For quite awhile, I’ve contemplated blogging about yoga’s 1st principle ahimsa—reverence, love, compassion for all. I’ve felt a bit daunted by this task. Truthfully, on more than one occasion, my shortcomings have been an obstacle to living the principle of ahimsa. It’s important however to remember ahimsa is a practice. Reverence, love, and compassion for all can be gently cultivated. By paying attention, I illuminate how violence plays out in my life. I believe no amount of effort made to preserve the value of reverence, love, and compassion for all is ever wasted.
Like each of you, I encounter conflict. When conflict pushes me, sometimes I want to push back. It feels like a natural response.
Though pushing back may have produced a rapid release of the tension I was feeling in the moment, the effect would have been temporary. A “push back” response on my part could only serve to create more suffering and misery. In fact, the wisdom of yoga explains this.
“The greatest failings are harming others and not speaking the truth. These always result in suffering. They are caused by anger and desire. Remember this.” Yoga Sutra II-34 translation by Alberto Villoldo, Ph.D.
“Negative feelings, such as violence, are damaging to life, whether we act upon them ourselves or cause or condone them in others. They are born of greed, anger or delusion, and might be light, moderate or intense. Their fruit is endless ignorance and suffering. To remember this is to cultivate the opposite.” Yoga Sutra II-34, translation by Alistair Shearer
As a hospice volunteer, I have the honor of making dear friends serving the dying. One friendship developed over the course of several weeks with a patient I’ll call Alan. I spent time providing Alan and his wife, of 49 years, Reiki (compassionate healing touch) and yoga nidra (guided deep relaxation). I observed Alan was a kind and gentle man. He spoke softly and thoughtfully, loved family, nature, and music of all kinds. He lived life and accepted death with an open heart and strong faith. It was during one of my visits with Alan that he shared with me his intention for the final days of his life, “being a gentler person”. Wow! I thought to myself here’s a dying man that could choose any number of possible intentions and he expresses this value (ahimsa) as his heart’s deepest longing. After Alan’s death, I learned in greater detail the scope of his entire life’s work was committed to the service and benefit of others. In fact, as a young man he cultivated a very strong practice towards that which he valued--reverence, love, and compassion for all. Alan’s wife shared with me that in the 49 years of their marriage, she couldn’t recall Alan ever raising his voice in anger. I felt humbled to be invited to serve such gentle man.
Certainly, Alan encountered the same stress of modern day living we all do. The human condition makes us vulnerable to the emotional experiences of loss and gain, praise and blame, pain and pleasure, fame and disgrace. So, how can the essential seed of ahimsa be cultivated? What tools can be utilized in daily life that will effectively preserve the value of reverence, love, and compassion for all?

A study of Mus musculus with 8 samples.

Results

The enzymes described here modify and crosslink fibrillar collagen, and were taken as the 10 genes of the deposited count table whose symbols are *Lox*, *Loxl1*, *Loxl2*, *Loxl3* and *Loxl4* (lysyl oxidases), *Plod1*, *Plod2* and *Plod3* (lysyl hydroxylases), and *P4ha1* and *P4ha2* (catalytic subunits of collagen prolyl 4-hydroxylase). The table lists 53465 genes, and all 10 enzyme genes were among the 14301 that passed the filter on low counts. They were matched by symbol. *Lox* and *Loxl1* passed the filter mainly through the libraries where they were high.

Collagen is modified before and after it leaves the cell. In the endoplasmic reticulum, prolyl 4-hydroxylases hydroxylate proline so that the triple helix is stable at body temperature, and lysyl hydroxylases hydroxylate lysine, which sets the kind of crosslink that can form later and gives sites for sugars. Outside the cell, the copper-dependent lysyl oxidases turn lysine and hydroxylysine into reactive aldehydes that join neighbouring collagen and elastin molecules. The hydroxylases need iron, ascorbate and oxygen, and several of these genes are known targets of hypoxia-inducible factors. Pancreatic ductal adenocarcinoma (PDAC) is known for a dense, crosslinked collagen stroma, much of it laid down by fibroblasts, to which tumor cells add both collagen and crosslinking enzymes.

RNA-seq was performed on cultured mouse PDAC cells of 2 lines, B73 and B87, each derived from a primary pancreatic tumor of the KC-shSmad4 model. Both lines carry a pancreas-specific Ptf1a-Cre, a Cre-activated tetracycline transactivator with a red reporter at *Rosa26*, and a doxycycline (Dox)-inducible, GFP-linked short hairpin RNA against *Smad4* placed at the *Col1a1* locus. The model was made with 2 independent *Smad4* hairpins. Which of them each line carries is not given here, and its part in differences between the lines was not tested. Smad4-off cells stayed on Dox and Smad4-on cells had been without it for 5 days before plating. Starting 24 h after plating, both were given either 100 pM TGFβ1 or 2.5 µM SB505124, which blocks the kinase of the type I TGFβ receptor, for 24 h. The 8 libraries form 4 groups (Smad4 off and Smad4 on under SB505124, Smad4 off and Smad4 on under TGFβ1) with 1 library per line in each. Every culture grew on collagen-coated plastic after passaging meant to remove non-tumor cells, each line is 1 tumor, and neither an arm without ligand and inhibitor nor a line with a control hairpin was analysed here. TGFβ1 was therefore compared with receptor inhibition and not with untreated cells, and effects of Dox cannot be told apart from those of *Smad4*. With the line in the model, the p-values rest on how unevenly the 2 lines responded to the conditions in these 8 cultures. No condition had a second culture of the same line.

Here are some strategies I invite you to work with:
- Like Alan, make a short, positive statement in the present moment based on your heart’s longing such as: “I nurture the quality of gentleness within me for the benefit of all beings”. “I am more accepting of myself and others”. In your mind, see your intention as actually happening. Be steady in your intention.
- Practice acceptance. In short, do your best. Forget about the rest. There is freedom in discerning what you can change, what you can’t, and moving forward with that knowledge.
- Get moving physically. But, also give yourself permission to rest. Participation in community yoga classes is a great place to experience this balance. If you haven’t had a physical in more than a year, make time to get one. Information is powerful. Then, let ahimsa inform your healthcare choices. Meet yourself where you’re at. Remember "bring no harm to yourself or others". This is ahimsa.
- Learn and practice breathing techniques for stress reduction. Taking some slow, conscious, deep breaths calmed me down on that hectic day at the grocery store. Breathing practices are a tool to cultivate greater mental control over our emotions and our reactions to them.
- Extend quiet blessings to those you encounter throughout the day.
- Consume mindfully. If you are not a vegetarian, try adopting meatless Mondays. Listen to, watch, and read material that is positive and life-affirming.
- Volunteer. It will connect you with others. It’s good for your body and mind. You’ll learn new skills. Also, studies have demonstrated that volunteering kindles happiness.
- Use appropriate support as needed in your life. Please, if you are experiencing a very difficult situation or have experienced a traumatic life event, seek qualified professional support. Recovery, healing, and resiliency are possible. Support precedes everything.
I’ve discovered the strategies mentioned above serve as a sound foundation for my ahimsa practice. I invite you to try them, and I hope you find them effective as well. The energy of reverence, love, and compassion is within you. The energy exits the same door it enters, through you.